One of Cameron’s favourite books is “Cameron’s Capital Adventure,” where a boy named Cameron (duh) goes to capital cities around the world in search of his lost blanket. First stop? Ottawa, Canada! At Christmas my Cameron recognized the Peace Tower from afar, thanks to the book. Now, that’s odd. Chapters, Amazon, Barnes&Noble – none of the stores have it!
After we spent a bit of time downtown so that I could apply in person for our passports, Grandma (Janice), Cameron and I had some time to explore and sight-see. Where else to go, but the must-see sight in the city? Alright, I can think of several of those, but we headed for Parliament Hill, so that Cameron could have his own capital adventure. No lost blanket though! Instead, we just explored.
We admired the fountain with the Centennial Flame, and grilled the young man who seemed to be there to answer tourist’s questions. I was impressed, when the guy asked Cameron which province we live in, Cameron answered Ontario. Okay, we don’t live in Ontario. But still, that Cameron remembered that Ontario was a province was awesome.
Next up, the Peace Tower! Or at least that was the plan. The signs were extraordinarily unclear! We went in the wrong door and got shooed out by security. We then couldn’t find the way to get to the tower. Even funnier, everyone Janice or I asked seemed to have a different, vague answer. Finally, though, we found our way.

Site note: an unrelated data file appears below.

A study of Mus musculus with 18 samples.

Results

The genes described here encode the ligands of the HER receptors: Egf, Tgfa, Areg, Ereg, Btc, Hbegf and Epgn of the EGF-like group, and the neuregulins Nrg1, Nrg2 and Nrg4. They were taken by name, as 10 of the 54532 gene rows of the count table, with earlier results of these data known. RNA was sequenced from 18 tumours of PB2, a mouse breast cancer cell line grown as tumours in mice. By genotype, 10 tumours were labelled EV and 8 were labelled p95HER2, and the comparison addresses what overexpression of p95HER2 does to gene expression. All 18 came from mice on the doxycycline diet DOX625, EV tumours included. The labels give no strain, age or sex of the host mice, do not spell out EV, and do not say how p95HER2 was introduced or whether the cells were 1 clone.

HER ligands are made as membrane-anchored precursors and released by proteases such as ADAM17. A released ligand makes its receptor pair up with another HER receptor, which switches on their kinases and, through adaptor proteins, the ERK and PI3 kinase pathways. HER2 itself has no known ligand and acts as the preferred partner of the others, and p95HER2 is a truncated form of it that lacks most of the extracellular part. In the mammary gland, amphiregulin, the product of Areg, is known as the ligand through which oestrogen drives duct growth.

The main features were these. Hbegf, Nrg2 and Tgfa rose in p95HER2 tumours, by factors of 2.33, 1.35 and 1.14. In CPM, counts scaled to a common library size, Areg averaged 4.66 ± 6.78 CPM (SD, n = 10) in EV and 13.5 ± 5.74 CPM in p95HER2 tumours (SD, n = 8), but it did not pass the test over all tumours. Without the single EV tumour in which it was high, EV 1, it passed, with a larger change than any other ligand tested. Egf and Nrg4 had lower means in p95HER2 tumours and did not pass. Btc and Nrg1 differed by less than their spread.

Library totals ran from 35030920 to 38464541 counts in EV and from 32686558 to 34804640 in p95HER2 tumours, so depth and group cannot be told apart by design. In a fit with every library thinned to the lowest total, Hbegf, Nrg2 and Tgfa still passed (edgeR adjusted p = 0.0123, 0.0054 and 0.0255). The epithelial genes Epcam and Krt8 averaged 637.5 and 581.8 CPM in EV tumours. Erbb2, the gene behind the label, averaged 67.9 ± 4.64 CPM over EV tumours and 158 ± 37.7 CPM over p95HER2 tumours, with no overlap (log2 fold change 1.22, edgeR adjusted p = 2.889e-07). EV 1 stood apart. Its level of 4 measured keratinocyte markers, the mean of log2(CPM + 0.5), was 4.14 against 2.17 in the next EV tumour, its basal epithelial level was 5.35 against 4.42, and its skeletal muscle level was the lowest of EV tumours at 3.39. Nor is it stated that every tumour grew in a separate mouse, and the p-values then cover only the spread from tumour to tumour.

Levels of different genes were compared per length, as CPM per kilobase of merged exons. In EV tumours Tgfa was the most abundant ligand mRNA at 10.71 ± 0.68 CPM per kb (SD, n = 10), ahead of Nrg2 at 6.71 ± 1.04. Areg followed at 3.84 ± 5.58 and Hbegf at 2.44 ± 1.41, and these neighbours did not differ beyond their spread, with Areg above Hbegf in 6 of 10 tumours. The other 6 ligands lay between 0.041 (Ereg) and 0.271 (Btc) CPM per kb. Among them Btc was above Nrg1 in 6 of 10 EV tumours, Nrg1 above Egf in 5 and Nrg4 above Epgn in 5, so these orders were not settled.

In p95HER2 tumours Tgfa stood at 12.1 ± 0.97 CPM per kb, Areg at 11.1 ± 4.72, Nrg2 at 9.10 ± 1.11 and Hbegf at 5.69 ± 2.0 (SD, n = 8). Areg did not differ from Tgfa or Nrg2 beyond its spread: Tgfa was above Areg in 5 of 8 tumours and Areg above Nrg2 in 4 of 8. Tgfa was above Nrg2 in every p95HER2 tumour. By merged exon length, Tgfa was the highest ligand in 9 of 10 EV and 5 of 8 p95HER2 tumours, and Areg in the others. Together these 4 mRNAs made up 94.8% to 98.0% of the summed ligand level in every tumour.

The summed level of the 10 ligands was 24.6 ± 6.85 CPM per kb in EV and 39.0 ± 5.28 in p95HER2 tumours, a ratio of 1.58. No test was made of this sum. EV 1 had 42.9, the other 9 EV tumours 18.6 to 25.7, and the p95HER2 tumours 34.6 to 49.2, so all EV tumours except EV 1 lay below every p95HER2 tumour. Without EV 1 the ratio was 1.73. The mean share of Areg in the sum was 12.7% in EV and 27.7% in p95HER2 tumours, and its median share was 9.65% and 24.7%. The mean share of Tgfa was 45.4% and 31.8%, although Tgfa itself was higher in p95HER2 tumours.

I’d forgotten how beautiful the carvings and the stonework in the Centre block are. If you ever go, be sure to look up, don’t keep your eyes on the floor! Incredible, the time and work that they represent.
I’d also forgotten that you can see the bells of the carillon through the window in the elevator, but I think that Janice reminded me and told Cameron to keep an eye out the window. He was quite impressed. He was even more impressed when we later heard the carillon sounding the hour. Once up in the viewing area, he stayed close to Grandma, listening to her, watching where she pointed, and smiling up at her. He loved being in her arms as she pointed out the plaques on the walls, showing the grotesques and details about the Peace Tower.
Finally, it was time to go. We had to scurry back home, and so seeing the locks at the mouth of the Rideau, and the statues all around, will have to wait for another trip.
Now, when we read Cameron’s Capital Adventure or see pictures on the internet of Parliament Hill, Cameron can now say, “Heeeyy! I’ve been there! There are big bells there!” He then proceeds to imitate the swinging and ringing of the bells, to illustrate. “We went there with Grandma!”